According to a new survey from Action on Sugar, popular ‘ready to drink’ pre-mixed spirits and cocktails sold in supermarkets are high in ‘hidden’ sugar and calories.

According to a new product survey by Action on Sugar at Queen Mary University of London, popular ‘ready to drink’ pre-mixed spirits sold in major UK retailers are unnecessarily high in hidden sugar and calories (based on the measurements that alcohol contains seven calories per gram and sugar contains four calories per gram).

Now, Action For Sugar is calling for retailers to reformulate these drinks immediately to the agreed criterion set by the government in the Soft Drinks Industry Levy (SDIL) or pay the fine.

“This is the first time a survey of this kind has been conducted and the results highlight an immediate need for alcoholic drinks to be included in vital public health policies,” said Holly Gabriel, Registered Nutritionist, Action on Sugar. “Customers should be able to purchase better options and reformulating these drinks with less sugar, calories and alcohol is one way to achieve this.

“Our survey clearly shows that similar drinks can be made with less sugar and calories, yet drink manufacturers are failing to take the appropriate action. Urgent attention is required from the government to ensure that gaps in the law do not contribute to the rise in obesity and related health conditions, as well as alcohol harm.”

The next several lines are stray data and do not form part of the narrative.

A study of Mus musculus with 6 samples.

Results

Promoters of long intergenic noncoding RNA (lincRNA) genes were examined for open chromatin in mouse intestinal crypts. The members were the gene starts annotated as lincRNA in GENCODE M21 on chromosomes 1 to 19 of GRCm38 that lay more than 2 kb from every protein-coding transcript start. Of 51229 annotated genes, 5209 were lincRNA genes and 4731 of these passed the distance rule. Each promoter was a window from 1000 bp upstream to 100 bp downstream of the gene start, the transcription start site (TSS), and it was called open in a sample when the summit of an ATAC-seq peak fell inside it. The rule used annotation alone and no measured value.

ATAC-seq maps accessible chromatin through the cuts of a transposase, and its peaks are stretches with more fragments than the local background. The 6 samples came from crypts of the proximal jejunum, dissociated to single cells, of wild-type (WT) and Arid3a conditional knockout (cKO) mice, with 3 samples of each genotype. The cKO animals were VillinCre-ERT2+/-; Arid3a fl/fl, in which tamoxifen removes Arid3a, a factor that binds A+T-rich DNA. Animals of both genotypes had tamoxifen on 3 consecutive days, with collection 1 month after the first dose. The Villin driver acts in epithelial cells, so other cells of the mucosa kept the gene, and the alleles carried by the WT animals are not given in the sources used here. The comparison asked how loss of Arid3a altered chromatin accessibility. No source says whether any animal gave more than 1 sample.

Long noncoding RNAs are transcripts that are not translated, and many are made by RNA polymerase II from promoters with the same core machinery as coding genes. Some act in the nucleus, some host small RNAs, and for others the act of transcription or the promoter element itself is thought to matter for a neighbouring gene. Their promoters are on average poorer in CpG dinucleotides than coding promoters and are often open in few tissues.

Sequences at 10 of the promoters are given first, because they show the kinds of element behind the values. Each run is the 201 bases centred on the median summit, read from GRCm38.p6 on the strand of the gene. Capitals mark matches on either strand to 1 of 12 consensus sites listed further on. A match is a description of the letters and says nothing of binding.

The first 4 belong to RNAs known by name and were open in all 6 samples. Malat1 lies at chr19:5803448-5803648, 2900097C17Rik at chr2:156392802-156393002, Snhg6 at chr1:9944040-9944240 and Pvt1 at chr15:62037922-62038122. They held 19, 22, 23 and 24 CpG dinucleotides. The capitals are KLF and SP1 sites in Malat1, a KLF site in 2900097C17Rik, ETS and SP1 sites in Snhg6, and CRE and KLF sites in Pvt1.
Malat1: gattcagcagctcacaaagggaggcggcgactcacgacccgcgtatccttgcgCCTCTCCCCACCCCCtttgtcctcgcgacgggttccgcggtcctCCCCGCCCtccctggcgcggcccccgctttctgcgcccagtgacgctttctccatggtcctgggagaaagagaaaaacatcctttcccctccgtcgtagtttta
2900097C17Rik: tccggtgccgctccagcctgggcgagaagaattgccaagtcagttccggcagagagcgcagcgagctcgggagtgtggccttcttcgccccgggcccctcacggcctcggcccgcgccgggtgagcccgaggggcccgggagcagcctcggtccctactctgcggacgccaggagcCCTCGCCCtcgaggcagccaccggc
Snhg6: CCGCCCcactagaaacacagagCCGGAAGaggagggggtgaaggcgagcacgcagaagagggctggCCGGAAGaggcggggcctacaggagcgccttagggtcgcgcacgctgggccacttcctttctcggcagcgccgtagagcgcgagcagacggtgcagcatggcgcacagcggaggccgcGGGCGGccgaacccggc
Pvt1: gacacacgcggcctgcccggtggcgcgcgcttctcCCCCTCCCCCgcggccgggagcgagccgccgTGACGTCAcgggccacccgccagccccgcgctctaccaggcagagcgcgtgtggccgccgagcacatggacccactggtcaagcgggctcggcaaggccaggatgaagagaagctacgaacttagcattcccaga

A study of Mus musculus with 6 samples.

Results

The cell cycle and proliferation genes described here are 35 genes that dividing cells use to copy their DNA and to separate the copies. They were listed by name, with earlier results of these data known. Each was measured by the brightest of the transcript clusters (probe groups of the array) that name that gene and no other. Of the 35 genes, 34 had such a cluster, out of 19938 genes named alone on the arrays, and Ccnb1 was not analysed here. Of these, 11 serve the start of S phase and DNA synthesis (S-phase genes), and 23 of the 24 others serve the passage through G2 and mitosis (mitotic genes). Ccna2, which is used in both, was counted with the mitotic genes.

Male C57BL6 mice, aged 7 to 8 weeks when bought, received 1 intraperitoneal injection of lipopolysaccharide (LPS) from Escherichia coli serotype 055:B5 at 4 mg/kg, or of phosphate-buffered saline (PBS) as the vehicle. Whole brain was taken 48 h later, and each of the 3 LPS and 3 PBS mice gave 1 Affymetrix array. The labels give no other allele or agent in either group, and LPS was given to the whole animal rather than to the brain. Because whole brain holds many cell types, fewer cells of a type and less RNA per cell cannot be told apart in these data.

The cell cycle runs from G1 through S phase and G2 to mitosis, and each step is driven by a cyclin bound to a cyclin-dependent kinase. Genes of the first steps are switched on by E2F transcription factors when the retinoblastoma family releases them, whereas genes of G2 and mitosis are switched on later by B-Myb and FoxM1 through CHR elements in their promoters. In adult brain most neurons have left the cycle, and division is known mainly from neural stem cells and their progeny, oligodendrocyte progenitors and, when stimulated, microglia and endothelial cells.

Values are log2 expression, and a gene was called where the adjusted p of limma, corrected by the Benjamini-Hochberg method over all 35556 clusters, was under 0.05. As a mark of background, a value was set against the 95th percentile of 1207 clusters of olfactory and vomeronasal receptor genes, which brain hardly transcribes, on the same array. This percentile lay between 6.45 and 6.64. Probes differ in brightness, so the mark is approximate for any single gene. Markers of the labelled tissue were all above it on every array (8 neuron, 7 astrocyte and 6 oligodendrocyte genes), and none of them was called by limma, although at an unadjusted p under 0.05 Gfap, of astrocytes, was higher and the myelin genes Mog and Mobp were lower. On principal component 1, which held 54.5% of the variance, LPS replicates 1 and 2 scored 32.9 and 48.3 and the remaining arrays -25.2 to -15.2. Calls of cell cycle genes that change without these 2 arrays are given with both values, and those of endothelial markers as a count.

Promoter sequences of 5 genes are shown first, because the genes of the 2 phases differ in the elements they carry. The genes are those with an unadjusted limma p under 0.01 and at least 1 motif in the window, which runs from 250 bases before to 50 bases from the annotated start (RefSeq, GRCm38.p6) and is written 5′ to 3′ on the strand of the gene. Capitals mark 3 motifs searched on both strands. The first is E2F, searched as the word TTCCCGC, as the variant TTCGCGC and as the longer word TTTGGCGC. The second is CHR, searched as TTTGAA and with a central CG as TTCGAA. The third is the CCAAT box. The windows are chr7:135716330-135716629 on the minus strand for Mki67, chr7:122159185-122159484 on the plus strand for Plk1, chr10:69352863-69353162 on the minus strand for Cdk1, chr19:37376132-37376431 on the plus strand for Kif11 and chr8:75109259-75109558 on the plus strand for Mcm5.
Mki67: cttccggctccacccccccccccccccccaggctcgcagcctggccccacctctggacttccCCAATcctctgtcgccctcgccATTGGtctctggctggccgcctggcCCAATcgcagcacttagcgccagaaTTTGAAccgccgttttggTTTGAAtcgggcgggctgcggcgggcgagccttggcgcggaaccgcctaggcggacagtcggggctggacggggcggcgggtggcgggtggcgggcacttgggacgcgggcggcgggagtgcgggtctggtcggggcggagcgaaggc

The group of experts at Action on Sugar now warn that sugary alcoholic drinks are contributing to obesity, type 2 diabetes, various cancers, liver damage and tooth decay as consumers are unknowingly drinking large amounts of sugar and calories. It is urging the government to prove it really is committed to prevention and reducing inequalities, by stepping in and taking control of not only the food and drink industries, but also the alcohol industry.

The survey incorporated a total of 202 ‘ready to drink’ alcoholic beverages sold in-store and online. Action On Sugar says that out of the 154 products collected in-store, nutrition information on pack was low making it difficult for consumers to know exactly what they are drinking with 63 products (41 percent) in-store having some form of nutrition information on pack and 14 products (9 percent) having ‘sugar’ information on pack.

If consumers knew how much sugar was really in these drinks, would they still happily choose to drink their way to tooth decay, obesity and type 2 diabetes?”

“‘Gin in a tin’ has become a cultural phenomenon with these types of drinks often consumed ‘on the go’ and without a moment’s consideration to how much sugar and alcohol goes into making them,” added Katharine Jenner, Campaign Director at Action on Sugar, based at Queen Mary University of London. “Even if you did want to know, you can’t make a healthy choice as only one in ten of the products surveyed had enough information available.

“If consumers knew how much sugar was really in these drinks, would they still happily choose to drink their way to tooth decay, obesity and type 2 diabetes?”